Back to works


‘Liquid Properties’ was originally commissioned for Munchmuseet on the Move, and a first install of the work was exhibited outdoor by Akerselva together with screenings of the thematically related film ‘Reclaiming Vision’. After its first realisation in Oslo, the installation will grow into a larger structure, and the live inhabitants of the installation will be replaced with water and organisms from various places.

Collaboration with: Toril Johannessen
Produced in collaboration with glassblower Vidar Koksvik
Assistants glass blowing: Tanja Burkhardt, Ida Louise Dybdal and Peter Theodorsen
Technical realisation installation: Maarten Vanden Eynde

Materials: Hand blown glass objects, metal structure, water samples, microorganisms
Dimensions: Variable

 

Liquid Properties

The sculptural installation 'Liquid Properties’, realised in collaboration with Toril Johannessen, consists of hand blown glass objects in a variety of shapes reminiscing of lab equipment glassware, buoys, ecospheres and water lenses. The glass objects are containers for samples of water taken from various sources, and are held by a meandering metal framework in a laboratory like set-up. Each of the containers have one or more lenses integrated in the glass body, slightly magnifying the organisms, particles and pollutants inside.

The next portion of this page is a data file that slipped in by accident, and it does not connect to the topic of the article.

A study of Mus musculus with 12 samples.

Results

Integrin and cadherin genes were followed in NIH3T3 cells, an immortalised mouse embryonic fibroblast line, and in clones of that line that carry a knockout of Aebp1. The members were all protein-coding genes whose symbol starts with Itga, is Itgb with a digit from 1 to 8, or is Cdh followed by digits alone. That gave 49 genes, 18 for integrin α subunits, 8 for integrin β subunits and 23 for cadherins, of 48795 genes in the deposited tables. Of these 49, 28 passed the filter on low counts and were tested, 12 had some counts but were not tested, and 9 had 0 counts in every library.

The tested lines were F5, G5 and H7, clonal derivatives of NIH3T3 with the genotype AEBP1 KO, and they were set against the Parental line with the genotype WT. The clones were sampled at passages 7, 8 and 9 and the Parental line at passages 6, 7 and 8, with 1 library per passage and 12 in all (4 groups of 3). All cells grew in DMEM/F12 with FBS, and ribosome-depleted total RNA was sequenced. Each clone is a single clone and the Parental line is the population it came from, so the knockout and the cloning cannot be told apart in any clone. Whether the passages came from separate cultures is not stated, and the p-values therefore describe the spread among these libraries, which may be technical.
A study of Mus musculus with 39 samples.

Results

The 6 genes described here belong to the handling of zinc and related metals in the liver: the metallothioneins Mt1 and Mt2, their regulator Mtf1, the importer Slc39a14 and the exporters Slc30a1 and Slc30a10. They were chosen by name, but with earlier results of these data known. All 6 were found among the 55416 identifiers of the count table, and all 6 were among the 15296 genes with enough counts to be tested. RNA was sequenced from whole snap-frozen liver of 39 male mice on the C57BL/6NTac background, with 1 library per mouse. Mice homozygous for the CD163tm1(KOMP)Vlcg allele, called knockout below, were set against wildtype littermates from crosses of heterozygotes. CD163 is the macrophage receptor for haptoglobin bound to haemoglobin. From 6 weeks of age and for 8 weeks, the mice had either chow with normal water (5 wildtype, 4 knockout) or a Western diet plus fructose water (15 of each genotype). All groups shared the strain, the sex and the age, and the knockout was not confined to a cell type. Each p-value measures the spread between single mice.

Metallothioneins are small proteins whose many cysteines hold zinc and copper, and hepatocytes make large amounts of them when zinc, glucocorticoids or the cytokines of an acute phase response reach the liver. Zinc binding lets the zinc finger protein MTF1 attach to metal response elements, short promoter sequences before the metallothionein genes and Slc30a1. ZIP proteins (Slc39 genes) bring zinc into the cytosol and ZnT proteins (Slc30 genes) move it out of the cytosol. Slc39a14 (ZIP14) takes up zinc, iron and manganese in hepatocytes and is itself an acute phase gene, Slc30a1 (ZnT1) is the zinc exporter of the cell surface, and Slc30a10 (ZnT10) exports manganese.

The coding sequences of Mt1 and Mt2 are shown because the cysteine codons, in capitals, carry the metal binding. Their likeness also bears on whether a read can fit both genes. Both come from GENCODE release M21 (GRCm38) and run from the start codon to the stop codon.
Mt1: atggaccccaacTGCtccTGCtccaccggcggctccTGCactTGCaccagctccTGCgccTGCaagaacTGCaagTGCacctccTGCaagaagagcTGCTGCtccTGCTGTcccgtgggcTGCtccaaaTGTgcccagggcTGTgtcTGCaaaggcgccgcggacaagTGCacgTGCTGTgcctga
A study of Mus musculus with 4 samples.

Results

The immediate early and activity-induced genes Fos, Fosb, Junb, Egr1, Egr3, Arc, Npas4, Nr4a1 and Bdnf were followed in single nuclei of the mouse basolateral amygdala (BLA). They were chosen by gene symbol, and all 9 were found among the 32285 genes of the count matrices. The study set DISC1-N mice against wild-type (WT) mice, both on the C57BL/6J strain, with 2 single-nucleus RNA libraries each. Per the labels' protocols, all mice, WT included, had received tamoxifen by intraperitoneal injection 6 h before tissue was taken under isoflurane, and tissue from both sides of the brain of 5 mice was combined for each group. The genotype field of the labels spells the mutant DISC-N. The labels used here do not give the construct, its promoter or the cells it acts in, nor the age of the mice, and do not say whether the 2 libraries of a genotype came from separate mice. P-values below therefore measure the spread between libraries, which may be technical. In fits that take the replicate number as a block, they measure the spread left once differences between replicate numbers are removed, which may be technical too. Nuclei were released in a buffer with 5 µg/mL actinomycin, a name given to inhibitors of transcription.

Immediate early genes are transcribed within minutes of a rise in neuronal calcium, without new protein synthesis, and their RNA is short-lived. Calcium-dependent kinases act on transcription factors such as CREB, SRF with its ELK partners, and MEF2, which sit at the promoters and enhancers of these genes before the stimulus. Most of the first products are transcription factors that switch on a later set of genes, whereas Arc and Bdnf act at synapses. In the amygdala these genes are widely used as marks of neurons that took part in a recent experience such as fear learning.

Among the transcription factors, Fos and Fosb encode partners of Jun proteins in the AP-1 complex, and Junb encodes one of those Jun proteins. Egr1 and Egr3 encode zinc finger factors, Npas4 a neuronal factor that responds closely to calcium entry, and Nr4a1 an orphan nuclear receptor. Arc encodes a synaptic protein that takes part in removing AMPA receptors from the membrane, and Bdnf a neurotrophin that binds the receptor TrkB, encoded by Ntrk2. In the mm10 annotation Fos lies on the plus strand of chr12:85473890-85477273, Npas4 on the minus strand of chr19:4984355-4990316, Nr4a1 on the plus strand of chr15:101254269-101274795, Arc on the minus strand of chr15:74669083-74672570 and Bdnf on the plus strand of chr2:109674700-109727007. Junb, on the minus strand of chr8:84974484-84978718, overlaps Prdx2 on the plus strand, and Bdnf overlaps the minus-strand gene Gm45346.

Studied up close, the glass objects are isolated ecosystems, also known as ecospheres. As a total installation, they might remind of models within a taxonomic structure, or even globes within a planetary system.

The ecosystems in the glass containers are changing over time, displaying natural processes where some organisms will thrive, others will not; some will be clear, others dense. Some might be taken over by bacteria, others may see algae growth, or perhaps the reproduction processes of creatures like tiny worms or shrimps.

Natural conditions, randomness as well as deliberate interaction will influence the live processes within the ecospheres. As such the installation is an experiment that ultimately looks at how we relate to (microscopic) life, questioning what is considered attractive, natural, resilient, repulsive, toxic or harmful.